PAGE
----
The multi-billion-dollar valuations of Flipkart and Snapdeal are no pricing bubble, but a signal that India’s technology boom has begun. The next five years will see a flurry of technology innovation that will transform the country as much as cellphones have over the past 15 years. This will be enabled by the availability of low-cost smartphones, the digital identity that Aadhar has provided to hundreds of millions of people who lacked any documentation, and a host of exponential technology advances. A billion Indians will be joining the global economy during this decade.
There is a lot for Indian entrepreneurs to learn from Silicon Valley. But the bigger opportunities are for them to leapfrog it by solving the problems of the many rather than of the few. The same infrastructure lacuna that enabled India to create Aadhar—lack of all technological legacy to have to worry about—offers it an opportunity to implement changes unarguably for the public good and to show the world how to create an entirely new digital infrastructure in areas such as the following.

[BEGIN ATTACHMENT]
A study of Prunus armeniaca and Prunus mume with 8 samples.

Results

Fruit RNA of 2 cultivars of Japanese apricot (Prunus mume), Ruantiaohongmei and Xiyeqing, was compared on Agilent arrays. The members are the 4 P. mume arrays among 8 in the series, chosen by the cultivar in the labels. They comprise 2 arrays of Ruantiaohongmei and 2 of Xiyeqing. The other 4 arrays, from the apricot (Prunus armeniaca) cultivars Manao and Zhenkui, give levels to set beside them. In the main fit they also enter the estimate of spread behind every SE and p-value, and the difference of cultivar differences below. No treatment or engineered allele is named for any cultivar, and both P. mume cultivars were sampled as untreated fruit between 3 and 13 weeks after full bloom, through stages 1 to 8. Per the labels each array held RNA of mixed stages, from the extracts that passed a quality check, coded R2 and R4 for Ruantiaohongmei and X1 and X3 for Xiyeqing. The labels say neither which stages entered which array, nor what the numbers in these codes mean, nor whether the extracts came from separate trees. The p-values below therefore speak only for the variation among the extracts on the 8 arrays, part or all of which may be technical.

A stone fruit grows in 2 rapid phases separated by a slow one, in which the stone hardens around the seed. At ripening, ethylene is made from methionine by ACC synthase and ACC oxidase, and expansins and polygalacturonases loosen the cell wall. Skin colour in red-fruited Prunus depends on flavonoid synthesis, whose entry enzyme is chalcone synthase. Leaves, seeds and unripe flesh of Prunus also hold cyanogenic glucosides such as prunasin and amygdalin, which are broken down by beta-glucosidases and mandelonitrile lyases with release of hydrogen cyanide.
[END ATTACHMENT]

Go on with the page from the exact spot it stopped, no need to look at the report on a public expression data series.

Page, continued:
Flipkart and Snapdeal have largely focused on consumer products for the well-to-do. The real market opportunity is to address the needs of the people who will soon be coming on line. New marketplaces need to be built for artisans in villages so they can design and create custom crafts for customers world wide; apps are needed by which fruit sellers, sweet shops, and restaurants can showcase their products and take orders from neighborhood customers; local merchants need the tools with which to provide the same types of one-hour delivery services that Amazon and Google are launching in American cities
App-based automation of public services.
Whether it be for booking railway tickets and monitoring train arrival times or for analysing government productivity and efficiency data, virtually every aspect of government services could be improved through measurement, monitoring, and automation. Entrepreneurs can take a key role in modernizing governance by using technology and data to stem corruption.
At a minimum, Internet-connected smartphones can be used to educate farmers on how to improve crop yields and minimize chemical usage. Social media can connect them with each other so that they can share experiences, and sensors can help monitor soil humidity and optimize watering. Supply chains can be improved, and on-farm diagnostic technologies can increase efficiency
With India’s abundance of I.T. talent—and its greater abundance of social and infrastructure problems—its entrepreneurs have a unique opportunity to lead the world in innovation. I have little doubt that they will step up to this task and that 2015 will be the launching point for India’s technology revolution.